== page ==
From left: Jaffar Amin (son of Idi Amin); Derek Peterson; Joseph Ssebunya (Uganda Museum); Eunice Ngangeyu (Uganda Museum); Richard Ichudo (Uganda Museum).


In 2015, in a forgotten filing cabinet at the headquarters of the Uganda Broadcasting Corporation (UBC), researchers discovered 70,000 photographic negatives once thought to have been destroyed.

Sorted and labeled, these were Ministry of Information images spanning the late 1950s to the mid-1980s. They chronicled high politics and everyday life in Uganda. They also documented the regime of President Idi Amin. Until now, they have been unseen by the public.

In May, the Uganda Museum in Kampala debuted The Unseen Archive of Idi Amin, an exhibition of 200 photographs from the collection. The opening garnered coverage from the Daily MonitorEast African, and other media.

Professor Derek Peterson (History, African and Afroamerican Studies) is one of the curators. He is also helping lead an effort to digitize and preserve the photographic collection.

“There’s never been a public exhibition in Uganda about Idi Amin; neither is there a museum, or a monument, or a memorial to the time. There is no narrative around which to hang this story,” said Peterson.

“That is not to say that there’s an absence of discussion: all over the political spectrum Ugandans have been arguing over Amin’s legacy, and there’s been a number of recently published memoirs detailing authors’ experiences with Amin’s regime.”

The exhibition is part of a broader project aimed at digitizing the negatives and related radio and film recordings. Just two weeks ago, in a UBC storeroom, the team found 92 film reels of Uganda Television coverage of public events related to the Amin government.

“With the encouragement of the UBC these reels have now been transported to Ann Arbor, and we’re looking for funding to get them digitized,” said Peterson.

In 2020 the exhibit will travel to four regional museums in Uganda, and in 2021 the curators hope to take it outside of Uganda, possibly to Michigan. A documentary is also in the works. Project partners include UBC, Uganda Museum, Makerere University, U-M, and the University of Western Australia.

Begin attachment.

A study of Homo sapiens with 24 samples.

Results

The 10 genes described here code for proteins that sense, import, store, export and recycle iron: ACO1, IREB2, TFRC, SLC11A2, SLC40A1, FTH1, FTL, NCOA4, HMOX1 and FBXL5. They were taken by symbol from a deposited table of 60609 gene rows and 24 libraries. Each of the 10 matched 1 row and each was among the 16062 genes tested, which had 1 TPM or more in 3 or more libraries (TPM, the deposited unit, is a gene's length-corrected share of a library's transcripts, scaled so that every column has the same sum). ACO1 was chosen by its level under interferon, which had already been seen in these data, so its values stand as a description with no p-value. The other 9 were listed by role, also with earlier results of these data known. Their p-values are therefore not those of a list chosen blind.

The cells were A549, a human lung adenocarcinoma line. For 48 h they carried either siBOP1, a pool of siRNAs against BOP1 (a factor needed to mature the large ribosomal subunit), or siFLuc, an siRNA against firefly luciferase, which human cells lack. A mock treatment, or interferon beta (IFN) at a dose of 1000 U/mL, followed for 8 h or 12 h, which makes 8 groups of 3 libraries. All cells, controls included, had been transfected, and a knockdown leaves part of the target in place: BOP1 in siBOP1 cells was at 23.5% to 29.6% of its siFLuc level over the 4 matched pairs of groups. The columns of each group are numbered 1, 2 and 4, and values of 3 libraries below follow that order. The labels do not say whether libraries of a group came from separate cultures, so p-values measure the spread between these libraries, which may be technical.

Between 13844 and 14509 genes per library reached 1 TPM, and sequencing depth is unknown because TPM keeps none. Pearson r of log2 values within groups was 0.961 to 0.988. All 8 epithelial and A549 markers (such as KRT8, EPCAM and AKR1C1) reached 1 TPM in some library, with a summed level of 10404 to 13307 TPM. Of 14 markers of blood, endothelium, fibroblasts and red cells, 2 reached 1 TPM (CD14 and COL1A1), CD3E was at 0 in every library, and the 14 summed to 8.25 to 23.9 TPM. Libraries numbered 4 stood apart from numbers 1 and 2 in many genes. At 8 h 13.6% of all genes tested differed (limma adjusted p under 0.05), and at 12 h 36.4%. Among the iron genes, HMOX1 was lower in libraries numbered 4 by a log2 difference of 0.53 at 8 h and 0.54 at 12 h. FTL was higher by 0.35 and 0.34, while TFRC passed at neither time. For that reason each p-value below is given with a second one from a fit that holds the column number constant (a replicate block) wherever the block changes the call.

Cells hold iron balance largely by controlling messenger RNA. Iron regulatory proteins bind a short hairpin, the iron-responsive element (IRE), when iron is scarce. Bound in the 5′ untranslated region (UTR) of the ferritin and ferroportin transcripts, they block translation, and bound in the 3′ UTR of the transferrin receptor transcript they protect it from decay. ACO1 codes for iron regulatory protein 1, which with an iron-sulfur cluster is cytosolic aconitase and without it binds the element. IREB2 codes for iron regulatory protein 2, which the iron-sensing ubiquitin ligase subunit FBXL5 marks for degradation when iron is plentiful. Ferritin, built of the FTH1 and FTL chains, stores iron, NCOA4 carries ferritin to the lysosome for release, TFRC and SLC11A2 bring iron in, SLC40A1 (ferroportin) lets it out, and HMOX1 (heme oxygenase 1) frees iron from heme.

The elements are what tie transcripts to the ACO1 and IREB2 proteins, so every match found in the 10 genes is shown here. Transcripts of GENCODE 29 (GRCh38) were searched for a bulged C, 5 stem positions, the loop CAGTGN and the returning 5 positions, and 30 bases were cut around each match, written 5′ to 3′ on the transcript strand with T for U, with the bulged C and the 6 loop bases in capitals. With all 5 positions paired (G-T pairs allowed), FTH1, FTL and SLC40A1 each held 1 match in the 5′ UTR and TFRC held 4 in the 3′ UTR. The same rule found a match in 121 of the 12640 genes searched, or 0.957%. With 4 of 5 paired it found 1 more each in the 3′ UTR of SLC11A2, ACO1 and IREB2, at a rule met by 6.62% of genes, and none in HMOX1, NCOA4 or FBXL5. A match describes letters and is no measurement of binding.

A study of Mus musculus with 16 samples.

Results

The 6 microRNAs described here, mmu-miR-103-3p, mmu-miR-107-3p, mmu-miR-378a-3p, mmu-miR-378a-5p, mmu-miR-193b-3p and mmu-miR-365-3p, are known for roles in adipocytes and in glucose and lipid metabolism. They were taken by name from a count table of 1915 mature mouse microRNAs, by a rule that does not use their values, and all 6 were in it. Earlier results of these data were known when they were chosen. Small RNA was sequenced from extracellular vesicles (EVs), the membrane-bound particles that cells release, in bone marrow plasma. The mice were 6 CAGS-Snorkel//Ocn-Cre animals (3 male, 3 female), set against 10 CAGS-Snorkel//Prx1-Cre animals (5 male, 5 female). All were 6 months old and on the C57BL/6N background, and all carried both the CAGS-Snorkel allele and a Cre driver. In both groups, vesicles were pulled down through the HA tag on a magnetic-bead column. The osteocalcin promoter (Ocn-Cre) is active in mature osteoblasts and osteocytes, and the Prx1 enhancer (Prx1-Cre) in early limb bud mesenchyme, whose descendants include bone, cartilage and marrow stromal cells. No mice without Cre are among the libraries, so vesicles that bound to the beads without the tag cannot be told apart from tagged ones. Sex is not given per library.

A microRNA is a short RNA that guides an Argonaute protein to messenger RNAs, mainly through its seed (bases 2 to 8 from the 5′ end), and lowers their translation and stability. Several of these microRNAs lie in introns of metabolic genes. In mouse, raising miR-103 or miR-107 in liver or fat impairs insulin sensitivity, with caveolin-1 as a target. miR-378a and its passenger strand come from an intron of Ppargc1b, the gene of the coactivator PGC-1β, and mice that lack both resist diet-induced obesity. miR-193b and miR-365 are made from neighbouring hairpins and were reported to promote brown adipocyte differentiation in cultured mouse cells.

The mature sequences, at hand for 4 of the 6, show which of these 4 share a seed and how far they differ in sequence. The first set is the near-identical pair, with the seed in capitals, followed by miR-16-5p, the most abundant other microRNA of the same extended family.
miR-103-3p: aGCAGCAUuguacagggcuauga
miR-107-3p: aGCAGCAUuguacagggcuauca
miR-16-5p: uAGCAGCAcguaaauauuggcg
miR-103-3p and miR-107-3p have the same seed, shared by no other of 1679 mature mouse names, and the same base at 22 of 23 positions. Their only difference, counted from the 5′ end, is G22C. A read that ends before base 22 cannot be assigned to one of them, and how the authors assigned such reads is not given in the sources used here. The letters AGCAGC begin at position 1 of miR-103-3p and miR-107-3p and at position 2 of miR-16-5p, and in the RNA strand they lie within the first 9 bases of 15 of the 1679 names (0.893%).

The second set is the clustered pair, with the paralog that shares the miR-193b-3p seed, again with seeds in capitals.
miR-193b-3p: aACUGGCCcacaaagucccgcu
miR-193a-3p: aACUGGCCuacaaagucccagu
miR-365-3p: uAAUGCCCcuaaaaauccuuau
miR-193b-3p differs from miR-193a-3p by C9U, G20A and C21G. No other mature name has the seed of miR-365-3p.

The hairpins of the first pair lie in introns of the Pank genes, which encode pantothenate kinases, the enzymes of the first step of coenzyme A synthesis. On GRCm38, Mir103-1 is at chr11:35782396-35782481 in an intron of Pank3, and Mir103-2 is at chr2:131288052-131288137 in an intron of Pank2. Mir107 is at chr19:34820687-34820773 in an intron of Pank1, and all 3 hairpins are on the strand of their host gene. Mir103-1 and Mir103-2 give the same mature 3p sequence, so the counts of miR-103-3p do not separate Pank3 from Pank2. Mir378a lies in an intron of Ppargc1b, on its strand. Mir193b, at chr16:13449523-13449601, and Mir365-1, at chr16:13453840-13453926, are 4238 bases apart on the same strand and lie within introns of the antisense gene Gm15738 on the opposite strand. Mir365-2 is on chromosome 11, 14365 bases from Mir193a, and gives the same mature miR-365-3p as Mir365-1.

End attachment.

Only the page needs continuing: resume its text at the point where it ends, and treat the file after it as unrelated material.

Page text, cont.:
“As curators, we’ve had to be very sensitive about the variety of ways in which Ugandans understand and interpret the 1970s,” said Peterson. The curatorial team includes Uganda Museum’s Nelson Abiti, recent U-M Anthropology and History PhD Edgar Taylor, and University of Western Australia’s Richard Vokes.

“Our exhibition works by placing the grand images of public life—most of which are focused on Amin himself—with images of those who suffered or were killed during the 1970s. The idea is to juxtapose different kinds of historical experiences, different ways of seeing the time, so as to enable a pluralistic understanding of the past,” said Peterson. 

At U-M, the project relied upon the Duderstadt Center’s Digital Media Commons, including staffer Tom Bray, who has made three trips to Uganda to lend his technical expertise. Ray Silverman (African and Afroamerican Studies, History of Art) and Laura de Becker (University of Michigan Museum of Art) played key roles in exhibit planning.

The exhibit is making a mark in Kampala. “On the day of the opening we convened a panel involving cabinet ministers who served in Amin’s government; a few days later we organized a session with his children; then another with journalists who covered his regime,” said Peterson.

“We ended the opening week with a seminar featuring people who suffered, personally, during the 1970s. All of these occasions were televised by the UBC, and they generated a good deal of discussion in media and in public life. We’ve tried in this way to facilitate the museum’s role as a public square, a place where consequential debates can happen.”